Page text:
The Government has been accused of sacrificing the careers of foreign nurses to help solve the NHS financial crisis after a ban on international recruitment was announced.

The ban will initially affect the two most junior nursing grades, into which most foreign nurses are recruited, and will be lifted only where a suitable UK candidate cannot be found.

It starts next month and is expected to lead to a sharp drop in the 12,000 overseas nurses recruited each year.

Thousands of nurses who have been trained in the UK face potential redundancy after NHS trusts reported record deficits of £1.27bn last year.

The number of nurses trained in the UK has risen 62 per cent in the past decade to more than 25,000 a year, but since March, more than 16,000 job cuts have been announced across the NHS.

The recruitment of medical staff from overseas has discomfited ministers for years and led to accusations that the NHS was stripping the developing world of its most vital resource.

Efforts to impose "ethical" recruitment policies, by restricting it to countries with an excess of health workers, have had limited success.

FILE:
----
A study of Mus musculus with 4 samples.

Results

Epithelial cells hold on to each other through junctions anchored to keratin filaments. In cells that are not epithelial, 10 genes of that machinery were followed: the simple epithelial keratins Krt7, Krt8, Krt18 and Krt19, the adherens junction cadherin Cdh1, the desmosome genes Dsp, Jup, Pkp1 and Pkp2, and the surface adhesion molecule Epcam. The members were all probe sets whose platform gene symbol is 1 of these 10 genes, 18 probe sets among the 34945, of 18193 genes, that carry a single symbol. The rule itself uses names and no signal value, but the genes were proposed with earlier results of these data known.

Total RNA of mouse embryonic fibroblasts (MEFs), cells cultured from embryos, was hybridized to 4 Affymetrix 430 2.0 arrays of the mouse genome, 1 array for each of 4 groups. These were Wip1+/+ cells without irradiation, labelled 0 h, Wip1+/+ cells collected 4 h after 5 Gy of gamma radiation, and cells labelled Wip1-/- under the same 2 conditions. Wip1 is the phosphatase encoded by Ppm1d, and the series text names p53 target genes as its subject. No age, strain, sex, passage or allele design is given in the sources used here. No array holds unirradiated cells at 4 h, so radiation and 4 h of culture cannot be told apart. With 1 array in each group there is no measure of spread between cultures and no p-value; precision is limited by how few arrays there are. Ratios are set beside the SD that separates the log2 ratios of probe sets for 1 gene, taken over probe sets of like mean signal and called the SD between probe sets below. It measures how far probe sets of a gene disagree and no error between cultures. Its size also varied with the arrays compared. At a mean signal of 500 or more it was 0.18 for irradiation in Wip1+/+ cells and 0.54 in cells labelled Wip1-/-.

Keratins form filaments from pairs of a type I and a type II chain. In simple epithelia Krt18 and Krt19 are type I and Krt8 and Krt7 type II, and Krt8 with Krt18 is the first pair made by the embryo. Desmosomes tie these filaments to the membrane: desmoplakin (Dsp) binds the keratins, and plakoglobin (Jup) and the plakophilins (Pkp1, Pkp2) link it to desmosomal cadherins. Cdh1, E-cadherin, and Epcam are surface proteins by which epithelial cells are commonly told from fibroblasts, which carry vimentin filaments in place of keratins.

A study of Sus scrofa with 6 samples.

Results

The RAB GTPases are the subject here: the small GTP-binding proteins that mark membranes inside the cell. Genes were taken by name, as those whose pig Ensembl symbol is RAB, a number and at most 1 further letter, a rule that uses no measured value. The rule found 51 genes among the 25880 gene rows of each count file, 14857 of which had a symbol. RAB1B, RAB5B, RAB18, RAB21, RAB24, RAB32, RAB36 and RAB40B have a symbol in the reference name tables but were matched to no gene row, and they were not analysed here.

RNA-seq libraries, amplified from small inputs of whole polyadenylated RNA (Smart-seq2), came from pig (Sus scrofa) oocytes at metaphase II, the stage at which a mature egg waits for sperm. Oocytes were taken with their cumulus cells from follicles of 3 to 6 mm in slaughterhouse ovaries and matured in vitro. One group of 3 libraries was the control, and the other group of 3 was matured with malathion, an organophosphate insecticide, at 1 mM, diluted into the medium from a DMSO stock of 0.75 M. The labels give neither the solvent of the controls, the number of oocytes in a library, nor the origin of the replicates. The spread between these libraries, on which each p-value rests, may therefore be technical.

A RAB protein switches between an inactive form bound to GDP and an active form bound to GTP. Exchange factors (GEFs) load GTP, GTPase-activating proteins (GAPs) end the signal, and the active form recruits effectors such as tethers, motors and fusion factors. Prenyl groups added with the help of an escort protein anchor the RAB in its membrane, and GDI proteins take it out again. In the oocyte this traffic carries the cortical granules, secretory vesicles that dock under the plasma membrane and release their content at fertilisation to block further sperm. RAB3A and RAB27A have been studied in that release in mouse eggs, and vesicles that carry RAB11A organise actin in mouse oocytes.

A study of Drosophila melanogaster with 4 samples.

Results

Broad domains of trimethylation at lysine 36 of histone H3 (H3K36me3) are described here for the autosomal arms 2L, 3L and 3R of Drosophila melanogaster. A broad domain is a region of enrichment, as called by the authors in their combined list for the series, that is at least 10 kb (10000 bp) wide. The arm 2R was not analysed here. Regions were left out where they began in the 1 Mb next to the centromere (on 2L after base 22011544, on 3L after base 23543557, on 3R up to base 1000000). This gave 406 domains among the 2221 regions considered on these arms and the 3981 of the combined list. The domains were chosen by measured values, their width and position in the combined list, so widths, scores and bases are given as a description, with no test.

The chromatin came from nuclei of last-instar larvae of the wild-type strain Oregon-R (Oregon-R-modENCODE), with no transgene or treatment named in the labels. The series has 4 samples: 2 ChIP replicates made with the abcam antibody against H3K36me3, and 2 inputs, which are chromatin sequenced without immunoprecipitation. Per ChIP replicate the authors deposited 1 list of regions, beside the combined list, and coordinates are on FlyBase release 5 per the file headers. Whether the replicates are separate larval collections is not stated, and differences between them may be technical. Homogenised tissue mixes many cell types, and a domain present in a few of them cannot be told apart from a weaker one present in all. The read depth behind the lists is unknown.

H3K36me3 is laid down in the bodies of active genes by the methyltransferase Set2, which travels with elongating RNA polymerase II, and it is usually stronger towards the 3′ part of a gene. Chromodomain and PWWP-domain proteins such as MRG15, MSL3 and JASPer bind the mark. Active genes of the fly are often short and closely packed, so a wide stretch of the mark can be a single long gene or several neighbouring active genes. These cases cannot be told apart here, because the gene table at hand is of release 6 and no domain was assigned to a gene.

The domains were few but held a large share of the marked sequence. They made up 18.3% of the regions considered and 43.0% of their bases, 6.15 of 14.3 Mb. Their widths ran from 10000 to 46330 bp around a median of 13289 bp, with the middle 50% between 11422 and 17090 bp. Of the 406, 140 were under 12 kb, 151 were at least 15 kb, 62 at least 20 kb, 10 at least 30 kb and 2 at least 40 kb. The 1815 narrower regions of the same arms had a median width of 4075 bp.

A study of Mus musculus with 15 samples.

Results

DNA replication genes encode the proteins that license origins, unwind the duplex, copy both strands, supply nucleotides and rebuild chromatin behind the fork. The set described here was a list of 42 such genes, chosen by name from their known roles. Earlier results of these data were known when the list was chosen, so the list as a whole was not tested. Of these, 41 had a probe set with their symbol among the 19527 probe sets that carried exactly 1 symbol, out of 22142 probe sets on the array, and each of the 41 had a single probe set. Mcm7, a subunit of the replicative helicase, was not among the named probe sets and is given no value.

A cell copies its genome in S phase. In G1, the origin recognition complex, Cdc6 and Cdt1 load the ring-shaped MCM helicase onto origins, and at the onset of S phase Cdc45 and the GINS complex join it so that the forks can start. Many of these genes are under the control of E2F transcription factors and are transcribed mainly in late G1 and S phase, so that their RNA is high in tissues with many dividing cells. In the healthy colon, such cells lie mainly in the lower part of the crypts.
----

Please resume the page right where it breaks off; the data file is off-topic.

Beverly Malone, the general secretary of the Royal College of Nursing, said: "International nurses have always been there for the UK in times of need, and it beggars belief that they are now being made scapegoats for the current deficits crisis.

"Removing nursing from the list of recognised shortage professions is short-termism in the worst possible sense. Over 150,000 nurses are due to retire in the next five to 10 years and we will not replace them all with home-grown nurses alone."

The Health minister, Lord Warner, said large-scale recruitment of international nurses was intended to be only a short-term measure and that extra investment in training meant there was no longer a need to hire junior nurses from abroad.